EntornoInteligente | Gov’t urged to rid streets of stray dogs » EntornoInteligente

EntornoInteligente | Gov’t urged to rid streets of stray dogs


Last year, a teacher in St Andrew was mauled by a pack of pit bulls that left her with scars after she, too, battled back from near death.

The Dogs (Liability for Attacks) Act 2020 seeks to make the owners of dogs criminally responsible for attacks

The savage dog attack on a five-year-old St Ann boy on Sunday has triggered greater scrutiny on the preponderance of strays across Jamaica, with the deficit of sufficient and functional pounds threatening public safety.

That’s the view of Dr Simon Johnally, public relations chairperson at the Jamaica Veterinary Medical Association, who is championing urgent action by the Holness administration.

A probe by The Gleaner revealed that only two municipal corporations – the Kingston and St Andrew Municipal Corporation and the Clarendon Municipal Corporation – have an active animal pound.

Even so, Johnally stated that those facilities are not equipped to handle dogs.

“That’s how the Government should intervene, by helping to provide space for small animals like dogs, as the Jamaica Society for the Prevention of Cruelty to Animals (JSPCA) and the Montego Bay Animal Haven are extremely limited by space and funding,” Johnally said in an interview on Monday.

JSPCA Managing Director Pamela Lawson has backed a programme of sustained neutering to limit reproduction among dogs that roam the nation’s streets.

Lawson disclosed that hundreds of dogs are taken into JSPCA centres weekly. While it would be ideal to have animal shelters in every parish, that model would not be sustainable financially.

The JSPCA managing director is calling for local authorities to adopt international norms of government-run pounds that put strays to sleep quickly and economically.

“In most of these countries, if they have pound facilities, you will find that if an animal comes into the pound, it is allowed to stay only a few days and then it is humanely euthanised,” she said, citing Ontario and New York as examples.

Outrage Sunday’s attack on little Mickele Allen in St D’Acre, St Ann, turned the spotlight on a controversial issue that has sparked outrage in Jamaica for years, with new legislation meandering through the Parliament.

Last year, a teacher in St Andrew was mauled by a pack of pit bulls that left her with scars after she, too, battled back from near death.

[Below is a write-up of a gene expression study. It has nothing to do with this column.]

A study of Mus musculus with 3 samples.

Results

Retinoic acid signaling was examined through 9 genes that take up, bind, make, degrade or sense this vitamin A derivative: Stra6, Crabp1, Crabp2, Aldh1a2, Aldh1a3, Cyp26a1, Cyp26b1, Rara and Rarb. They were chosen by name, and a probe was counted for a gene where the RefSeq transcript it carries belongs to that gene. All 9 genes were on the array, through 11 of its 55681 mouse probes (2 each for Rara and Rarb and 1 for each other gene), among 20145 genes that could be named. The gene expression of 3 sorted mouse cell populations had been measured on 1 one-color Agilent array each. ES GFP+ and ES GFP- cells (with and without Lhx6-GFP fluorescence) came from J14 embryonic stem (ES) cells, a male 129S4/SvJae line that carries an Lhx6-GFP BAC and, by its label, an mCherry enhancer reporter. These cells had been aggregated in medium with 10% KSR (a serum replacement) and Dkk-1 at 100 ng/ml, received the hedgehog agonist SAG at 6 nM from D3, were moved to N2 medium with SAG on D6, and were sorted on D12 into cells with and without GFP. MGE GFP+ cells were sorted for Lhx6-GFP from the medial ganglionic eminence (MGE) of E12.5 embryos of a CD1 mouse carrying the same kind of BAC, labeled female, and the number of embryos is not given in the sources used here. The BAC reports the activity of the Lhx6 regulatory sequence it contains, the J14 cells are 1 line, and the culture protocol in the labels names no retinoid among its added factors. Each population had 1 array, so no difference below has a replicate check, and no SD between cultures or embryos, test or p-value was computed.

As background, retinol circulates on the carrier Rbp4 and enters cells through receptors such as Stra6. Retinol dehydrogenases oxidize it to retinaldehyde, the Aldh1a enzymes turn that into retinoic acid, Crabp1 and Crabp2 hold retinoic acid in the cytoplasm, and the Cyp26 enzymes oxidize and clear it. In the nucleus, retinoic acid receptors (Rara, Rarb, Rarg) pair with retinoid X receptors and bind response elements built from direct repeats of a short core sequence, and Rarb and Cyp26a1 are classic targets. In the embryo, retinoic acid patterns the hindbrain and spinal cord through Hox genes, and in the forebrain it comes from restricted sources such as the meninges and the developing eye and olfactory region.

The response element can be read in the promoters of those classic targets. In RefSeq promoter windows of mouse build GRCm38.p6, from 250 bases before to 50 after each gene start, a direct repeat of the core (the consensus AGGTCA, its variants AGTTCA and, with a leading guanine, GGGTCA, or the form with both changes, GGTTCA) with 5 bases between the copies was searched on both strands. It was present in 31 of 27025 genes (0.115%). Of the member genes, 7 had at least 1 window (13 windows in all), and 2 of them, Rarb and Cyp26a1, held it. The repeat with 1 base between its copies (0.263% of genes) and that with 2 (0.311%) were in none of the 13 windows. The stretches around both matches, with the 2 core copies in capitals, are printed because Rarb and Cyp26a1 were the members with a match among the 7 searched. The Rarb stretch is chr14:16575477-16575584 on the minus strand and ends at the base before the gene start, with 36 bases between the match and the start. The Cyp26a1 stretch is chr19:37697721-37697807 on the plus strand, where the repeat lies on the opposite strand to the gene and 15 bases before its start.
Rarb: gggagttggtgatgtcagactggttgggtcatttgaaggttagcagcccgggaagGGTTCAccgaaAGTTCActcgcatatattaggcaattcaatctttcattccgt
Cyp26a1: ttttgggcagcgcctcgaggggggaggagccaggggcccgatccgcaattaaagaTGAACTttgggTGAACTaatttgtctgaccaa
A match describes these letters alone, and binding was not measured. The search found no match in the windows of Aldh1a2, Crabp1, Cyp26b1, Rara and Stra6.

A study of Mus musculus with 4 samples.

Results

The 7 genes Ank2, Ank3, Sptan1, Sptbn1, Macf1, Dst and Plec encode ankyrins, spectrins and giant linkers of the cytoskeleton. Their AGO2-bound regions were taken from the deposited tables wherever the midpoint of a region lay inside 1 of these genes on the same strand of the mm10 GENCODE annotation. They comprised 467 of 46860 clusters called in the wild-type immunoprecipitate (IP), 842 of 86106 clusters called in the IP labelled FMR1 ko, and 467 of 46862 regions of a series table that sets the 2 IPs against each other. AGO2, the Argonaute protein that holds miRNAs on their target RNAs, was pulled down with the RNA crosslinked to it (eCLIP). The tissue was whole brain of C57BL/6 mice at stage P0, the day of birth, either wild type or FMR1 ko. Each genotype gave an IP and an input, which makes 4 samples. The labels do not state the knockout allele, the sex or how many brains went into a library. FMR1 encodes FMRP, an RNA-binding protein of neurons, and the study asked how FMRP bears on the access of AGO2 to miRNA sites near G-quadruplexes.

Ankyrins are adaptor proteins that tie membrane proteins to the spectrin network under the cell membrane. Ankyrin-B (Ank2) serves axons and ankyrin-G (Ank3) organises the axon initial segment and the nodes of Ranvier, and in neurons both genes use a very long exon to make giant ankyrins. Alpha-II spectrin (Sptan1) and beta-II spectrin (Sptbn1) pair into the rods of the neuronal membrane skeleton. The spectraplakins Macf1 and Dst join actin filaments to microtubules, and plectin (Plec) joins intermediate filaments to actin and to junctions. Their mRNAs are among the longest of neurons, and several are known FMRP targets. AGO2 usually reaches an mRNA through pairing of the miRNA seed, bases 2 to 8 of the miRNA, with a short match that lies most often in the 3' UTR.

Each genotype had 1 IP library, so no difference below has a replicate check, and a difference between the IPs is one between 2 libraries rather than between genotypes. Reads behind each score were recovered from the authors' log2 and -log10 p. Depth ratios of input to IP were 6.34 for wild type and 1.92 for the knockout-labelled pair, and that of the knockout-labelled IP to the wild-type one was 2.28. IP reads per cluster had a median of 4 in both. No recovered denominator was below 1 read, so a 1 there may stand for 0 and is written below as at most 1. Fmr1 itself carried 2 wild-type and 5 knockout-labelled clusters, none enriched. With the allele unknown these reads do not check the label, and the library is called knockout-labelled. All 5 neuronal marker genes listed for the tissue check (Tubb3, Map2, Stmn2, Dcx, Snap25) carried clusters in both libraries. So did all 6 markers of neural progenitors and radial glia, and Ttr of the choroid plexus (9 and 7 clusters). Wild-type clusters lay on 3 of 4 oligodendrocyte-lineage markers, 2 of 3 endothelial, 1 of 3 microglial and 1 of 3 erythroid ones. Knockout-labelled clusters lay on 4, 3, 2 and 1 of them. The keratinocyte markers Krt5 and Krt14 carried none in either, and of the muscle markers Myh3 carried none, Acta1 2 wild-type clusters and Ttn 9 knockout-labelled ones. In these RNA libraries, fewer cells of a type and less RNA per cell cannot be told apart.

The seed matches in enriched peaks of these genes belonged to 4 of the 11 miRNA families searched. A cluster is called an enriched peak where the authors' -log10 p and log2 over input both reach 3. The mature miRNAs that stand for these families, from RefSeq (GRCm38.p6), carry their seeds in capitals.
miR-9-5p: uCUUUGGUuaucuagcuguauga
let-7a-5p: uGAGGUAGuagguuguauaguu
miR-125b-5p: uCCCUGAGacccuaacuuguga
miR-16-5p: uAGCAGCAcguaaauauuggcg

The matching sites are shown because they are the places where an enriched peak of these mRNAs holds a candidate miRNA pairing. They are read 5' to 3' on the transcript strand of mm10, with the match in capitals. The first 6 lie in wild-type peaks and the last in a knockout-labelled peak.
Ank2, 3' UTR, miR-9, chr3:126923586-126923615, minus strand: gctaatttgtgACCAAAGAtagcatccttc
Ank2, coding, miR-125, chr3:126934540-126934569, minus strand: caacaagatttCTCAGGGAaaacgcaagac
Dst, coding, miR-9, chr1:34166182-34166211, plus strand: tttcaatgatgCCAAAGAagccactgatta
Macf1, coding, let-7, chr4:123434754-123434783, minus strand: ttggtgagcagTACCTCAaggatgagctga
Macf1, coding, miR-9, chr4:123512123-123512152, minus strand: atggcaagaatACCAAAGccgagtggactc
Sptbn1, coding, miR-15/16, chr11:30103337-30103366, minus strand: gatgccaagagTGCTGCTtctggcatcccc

The Dogs (Liability for Attacks) Act 2020 seeks to make the owners of dogs criminally responsible for attacks.

Under the act, it is proposed that owners of dogs that attack and injure persons could be fined from $500,000 up to $3 million or face imprisonment for periods ranging from six months to 15 years.

That danger is not daunting for Cavelle Newsome, owner of an Akita, who agrees that negligent persons should be punished by the law.

“If someone is liable, meaning the owners are irresponsible, then yes, that owner should be made to be responsible for the dog’s action. The law should be of good effect,” she said.

For Newsome, a dog is more than a man’s best friend, it can be a lifesaver.

“We need the dogs because they protect you, and once they are trained properly, it’s a better weapon than even having a gun,” Newsome told The Gleaner .

Faye Grant, who was seen walking with her grandchildren in Trench Town accompanied by three mongrels, said she harboured no fear that the dogs might be a liability if they attacked someone.

The dogs, she said, were her personal bodyguards, not prone to attack or snarl at passers-by during her commute to the bus stop and on her return home.

Grant said, however, that she was acutely aware of the dangers posed by strays, as her own grandson sustained a dog bite.

“My daughter had to take him to the doctor at her own expense. I think the law that the Government is coming with is a good one, because it will make people more accountable. Keep your dogs locked up if you know they will attack people,” she said.